Miranda Hodgson on 27 Feb 2011 at 03:06 PM

    As I visit quite a lot of gardens, I’ve been paying attention to how they differ and what type of garden attracts house sparrows, which are declining in number in the UK. Most of the neat and carefully tended gardens attract birds, such as blackbirds, bluetits and chaffinches, but it is those gardens where the shrubs are tall and close together where I see the highest number of house sparrows (Passer domesticus).

    They seem to go for dense growth, like hawthorn hedgerows, or thickets such as you get with rambling roses or Wisteria, where they can sit a few inches down, in amongst the higher growth. From that vantage, they can look out and shout to their heart’s content, without worrying about cats or sparrow hawks. Walls and arches with thick masses of stems and leaves growing over them are ideal. Away from domestic gardens, bramble thickets are also popular. There is a big bramble thicket in a field near here which is always full of sparrow song and you can see the birds distributed throughout the canopy, especially the males with their black ‘bibs’. The paler females blend in more with the plant stems and don’t show up as clearly.



  • Red kites over Witney

    Miranda Hodgson on 15 Feb 2011 at 11:36 AM

    As I work, I like to listen to the birds singing. Listening to the songs of birds can give you an idea of what’s going on nearby without having to look – I call it ‘looking with my ears’. The song might change from tuneful territorial singing to an alarm call, which may mean that a cat has come into the garden or that a blundering human has disturbed a bird. Bird songs are hard to describe, but most people would recognise the shrieking rattle of a blackbird that has been inadvertently startled.

    To start with, I was listening to the usual high-pitched "tsee-tsee-tsu-hu-hu-hu-hu" (listen to it here) of two bluetits (Cyanistes caeruleus) who were busily searching up and down the branches of the Magnolia tree for small insects. This song changed abruptly to what is described as a ‘churring’ sound, which is their alarm call. The other birds heard it – the blackbird rattled loudly and flew at ground level to the tangled safety of a large Cotoneaster, while the pair of robins, who had been watching us work, suddenly started a loud ticking sound and quickly made for shelter.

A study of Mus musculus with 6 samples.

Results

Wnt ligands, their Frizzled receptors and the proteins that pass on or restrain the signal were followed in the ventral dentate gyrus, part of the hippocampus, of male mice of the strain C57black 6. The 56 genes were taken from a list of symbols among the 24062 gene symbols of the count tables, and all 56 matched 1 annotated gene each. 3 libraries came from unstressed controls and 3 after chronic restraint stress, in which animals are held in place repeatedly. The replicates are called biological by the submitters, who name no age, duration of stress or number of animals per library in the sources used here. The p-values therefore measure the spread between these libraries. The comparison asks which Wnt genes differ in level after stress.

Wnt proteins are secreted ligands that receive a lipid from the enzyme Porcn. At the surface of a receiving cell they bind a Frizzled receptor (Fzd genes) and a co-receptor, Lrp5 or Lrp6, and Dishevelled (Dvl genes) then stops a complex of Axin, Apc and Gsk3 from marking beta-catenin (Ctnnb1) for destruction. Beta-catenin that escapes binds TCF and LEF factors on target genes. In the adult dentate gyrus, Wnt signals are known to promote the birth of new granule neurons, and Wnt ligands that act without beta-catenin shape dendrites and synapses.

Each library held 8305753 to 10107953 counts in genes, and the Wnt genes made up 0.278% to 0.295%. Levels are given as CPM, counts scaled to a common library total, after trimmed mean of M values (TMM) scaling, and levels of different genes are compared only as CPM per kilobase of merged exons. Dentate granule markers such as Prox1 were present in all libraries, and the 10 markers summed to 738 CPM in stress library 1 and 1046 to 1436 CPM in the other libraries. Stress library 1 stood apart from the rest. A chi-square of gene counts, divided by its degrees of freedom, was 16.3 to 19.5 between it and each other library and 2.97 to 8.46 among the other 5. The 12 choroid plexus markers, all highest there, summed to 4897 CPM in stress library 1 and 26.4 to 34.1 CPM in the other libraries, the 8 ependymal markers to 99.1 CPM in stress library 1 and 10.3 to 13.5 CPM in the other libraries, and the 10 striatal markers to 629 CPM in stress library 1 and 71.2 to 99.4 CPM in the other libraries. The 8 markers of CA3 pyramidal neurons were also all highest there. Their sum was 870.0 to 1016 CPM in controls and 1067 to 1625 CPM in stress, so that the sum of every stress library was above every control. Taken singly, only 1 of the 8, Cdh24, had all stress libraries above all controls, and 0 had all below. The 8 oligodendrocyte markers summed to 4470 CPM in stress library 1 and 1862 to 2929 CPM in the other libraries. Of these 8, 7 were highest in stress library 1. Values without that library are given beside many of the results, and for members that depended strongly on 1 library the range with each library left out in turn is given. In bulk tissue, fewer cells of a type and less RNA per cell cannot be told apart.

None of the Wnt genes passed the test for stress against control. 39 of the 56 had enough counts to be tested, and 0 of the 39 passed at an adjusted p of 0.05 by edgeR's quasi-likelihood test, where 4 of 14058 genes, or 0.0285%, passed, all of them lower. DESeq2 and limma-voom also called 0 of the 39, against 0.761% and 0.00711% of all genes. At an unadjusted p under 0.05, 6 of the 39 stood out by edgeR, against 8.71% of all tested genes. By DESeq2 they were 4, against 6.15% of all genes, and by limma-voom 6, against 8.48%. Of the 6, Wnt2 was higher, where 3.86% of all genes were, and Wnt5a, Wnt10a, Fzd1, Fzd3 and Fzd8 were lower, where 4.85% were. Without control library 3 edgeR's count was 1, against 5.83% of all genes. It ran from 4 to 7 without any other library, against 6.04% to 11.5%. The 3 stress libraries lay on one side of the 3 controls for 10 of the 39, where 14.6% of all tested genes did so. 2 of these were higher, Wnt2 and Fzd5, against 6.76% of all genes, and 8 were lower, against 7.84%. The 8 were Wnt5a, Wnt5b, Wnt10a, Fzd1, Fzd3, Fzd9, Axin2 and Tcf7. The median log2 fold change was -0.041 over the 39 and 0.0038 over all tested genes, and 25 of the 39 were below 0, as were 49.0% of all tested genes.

A quick look round revealed no cats, no one had come in through the door in the garden wall and there were no sudden loud noises. In fact, the air was still and quiet. What had disturbed them? Looking up, I saw what it was – a magnificent red kite (Milvus milvus) was gliding overhead, possibly looking for carrion or an unobservant small bird to make a meal of. This is a first, I’ve never seen a red kite over this town before and I stopped to admire its graceful flight until it disappeared out of view over the neighbouring rooftops. What a treat that was. The other birds gradually calmed down and went back to their usual behaviour, singing and foraging, but it was interesting to see and hear them warn one another of danger. They will do this when cats are about as well.



  • Blackbird subsong during a weekend tidy up

    Miranda Hodgson on 07 Feb 2011 at 11:27 AM

    It feels warm for February. The mildness has kick-started my annual plant frenzy and the urge to be outside and doing is irresistible. Just as well, because the garden plants, including the weeds, have the same idea and are suddenly bursting into growth. Cleavers (Galium aparine) are growing fast just now, as is Dock cress (Lapsana communis), which is coming up in every bed and seems especially good at hiding close to the foliage of primroses (Primula vulgaris). As is the case in so many gardens, there are also ivy seedlings popping up in numbers.